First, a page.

Opposing Chiropractic: Persecution or Justified Criticism? (Sam Homola) Spinal manipulation is a useful treatment for certain types of musculoskeletal pain, but chiropractic is based on a false belief system about subluxations and nerve interference. If chiropractic as a whole doesn’t renounce and abandon subluxation theory and make the changes needed to become a properly limited musculoskeletal specialty, justified criticism of subluxation-based chiropractic will continue to reflect on the entire profession.
Screening for disease in people without symptoms: The reality (David Gorski) A new systematic review examines whether screening for disease saves lives in asymptomatic adults. Mammograms and other screening tests have been oversold, but they are not useless. Screening has other benefits besides just reducing mortality, and risk stratification can be helpful.
A Scientist in Wonderland (Harriet Hall) That’s the title of a memoir by Edzard Ernst, a doctor of uncompromising integrity and courage. He went from practicing alternative medicine to studying the evidence to becoming one of its most prolific and outspoken critics. As a result, he faced astounding hostility from a culture that was indifferent to the concept of truth, lost his job, and made an enemy of Prince Charles.
How Not to Treat Migraine (Steven Novella) Many of the treatments offered for migraine are of dubious evidence and plausibility. Among these are acupuncture, electrical stimulation, and chiropractic. Much of the published research is of poor quality and positive results are false positives reflecting the bias of researchers.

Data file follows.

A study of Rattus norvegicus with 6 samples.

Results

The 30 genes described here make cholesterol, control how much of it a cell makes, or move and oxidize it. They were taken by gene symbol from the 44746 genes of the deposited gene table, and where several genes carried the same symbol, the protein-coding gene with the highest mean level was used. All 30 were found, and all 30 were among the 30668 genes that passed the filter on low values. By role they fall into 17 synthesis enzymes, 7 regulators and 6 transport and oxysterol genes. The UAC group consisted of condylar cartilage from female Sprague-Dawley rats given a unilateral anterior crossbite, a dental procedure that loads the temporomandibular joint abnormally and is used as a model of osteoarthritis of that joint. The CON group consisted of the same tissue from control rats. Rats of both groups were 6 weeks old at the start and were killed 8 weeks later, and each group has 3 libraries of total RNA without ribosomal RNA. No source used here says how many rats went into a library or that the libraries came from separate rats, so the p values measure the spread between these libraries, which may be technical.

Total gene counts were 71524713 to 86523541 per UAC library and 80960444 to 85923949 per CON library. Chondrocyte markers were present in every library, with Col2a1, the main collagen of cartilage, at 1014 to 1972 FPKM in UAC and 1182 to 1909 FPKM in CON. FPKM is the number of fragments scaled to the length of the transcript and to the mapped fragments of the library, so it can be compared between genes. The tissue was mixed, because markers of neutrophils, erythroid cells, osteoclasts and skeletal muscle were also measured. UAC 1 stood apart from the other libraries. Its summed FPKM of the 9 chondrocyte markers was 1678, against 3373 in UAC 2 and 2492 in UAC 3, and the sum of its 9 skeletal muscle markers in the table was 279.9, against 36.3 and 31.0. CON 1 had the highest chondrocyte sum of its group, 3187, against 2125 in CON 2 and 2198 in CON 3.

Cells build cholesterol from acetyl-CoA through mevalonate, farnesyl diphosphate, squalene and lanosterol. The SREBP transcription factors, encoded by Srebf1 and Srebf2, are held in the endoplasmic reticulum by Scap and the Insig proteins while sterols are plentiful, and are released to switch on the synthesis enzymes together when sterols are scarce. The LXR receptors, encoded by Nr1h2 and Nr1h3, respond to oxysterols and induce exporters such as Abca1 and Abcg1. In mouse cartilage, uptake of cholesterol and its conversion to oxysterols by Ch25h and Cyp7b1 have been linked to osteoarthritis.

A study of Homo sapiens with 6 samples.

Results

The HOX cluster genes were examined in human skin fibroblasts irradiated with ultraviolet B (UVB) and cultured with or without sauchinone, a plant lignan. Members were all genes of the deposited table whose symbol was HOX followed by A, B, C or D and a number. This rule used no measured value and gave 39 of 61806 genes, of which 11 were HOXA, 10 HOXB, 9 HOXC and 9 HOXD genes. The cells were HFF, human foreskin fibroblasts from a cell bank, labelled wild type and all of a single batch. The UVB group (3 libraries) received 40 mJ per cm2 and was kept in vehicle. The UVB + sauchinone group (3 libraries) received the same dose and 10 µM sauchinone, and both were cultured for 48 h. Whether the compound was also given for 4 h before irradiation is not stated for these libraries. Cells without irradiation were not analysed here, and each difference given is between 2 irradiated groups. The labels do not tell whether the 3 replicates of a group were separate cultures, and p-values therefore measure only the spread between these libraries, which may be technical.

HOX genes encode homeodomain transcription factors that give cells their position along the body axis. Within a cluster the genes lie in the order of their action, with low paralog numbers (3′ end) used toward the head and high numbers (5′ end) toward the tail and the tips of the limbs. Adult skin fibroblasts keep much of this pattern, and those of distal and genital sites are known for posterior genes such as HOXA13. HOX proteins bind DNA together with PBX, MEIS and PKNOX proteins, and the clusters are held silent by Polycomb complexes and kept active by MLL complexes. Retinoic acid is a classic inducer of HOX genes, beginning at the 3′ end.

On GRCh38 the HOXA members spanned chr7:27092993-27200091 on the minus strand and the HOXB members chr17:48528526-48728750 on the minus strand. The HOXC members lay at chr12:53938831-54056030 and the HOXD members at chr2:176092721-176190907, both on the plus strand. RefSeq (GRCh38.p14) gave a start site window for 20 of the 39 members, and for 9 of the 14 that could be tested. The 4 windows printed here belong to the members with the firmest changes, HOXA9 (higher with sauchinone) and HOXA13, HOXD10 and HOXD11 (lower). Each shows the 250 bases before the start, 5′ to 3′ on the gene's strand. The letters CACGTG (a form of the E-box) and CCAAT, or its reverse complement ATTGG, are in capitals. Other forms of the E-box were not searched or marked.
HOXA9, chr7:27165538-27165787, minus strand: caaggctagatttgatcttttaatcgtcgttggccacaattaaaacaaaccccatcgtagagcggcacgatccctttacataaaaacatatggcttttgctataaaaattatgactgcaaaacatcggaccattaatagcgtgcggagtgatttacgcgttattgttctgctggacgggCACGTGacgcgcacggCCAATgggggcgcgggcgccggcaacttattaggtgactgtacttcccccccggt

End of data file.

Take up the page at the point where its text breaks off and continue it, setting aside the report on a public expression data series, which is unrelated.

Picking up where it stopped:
Washington bills: Christian Science no longer an excuse for denying medical care (Jann Bellamy) Washington State law prohibits criminal mistreatment of children and other vulnerable persons, including deprivation of medical treatment. Christian Scientists are exempt from this law and from one requiring reporting of suspected child abuse or neglect; they can deny their children medical care and hide behind a religious exemption. Two bills currently pending in the Washington Legislature would repeal this special treatment.
Do two half-truths add up to a complete truth or a complete falsehood? (Mark Crislip) The world of pseudo-medicine is filled with half-truths, especially when it comes to vaccines. Examples are given of misinformation on the Internet and in a nursing journal about influenza and measles.
SfSBM at NECSS (Mark Crislip) Registration is now open for the North-East Conference on Science and Skepticism, April 9-12, which will include a full day of presentations by the Society for Science-Based Medicine. Details and a preliminary program are provided.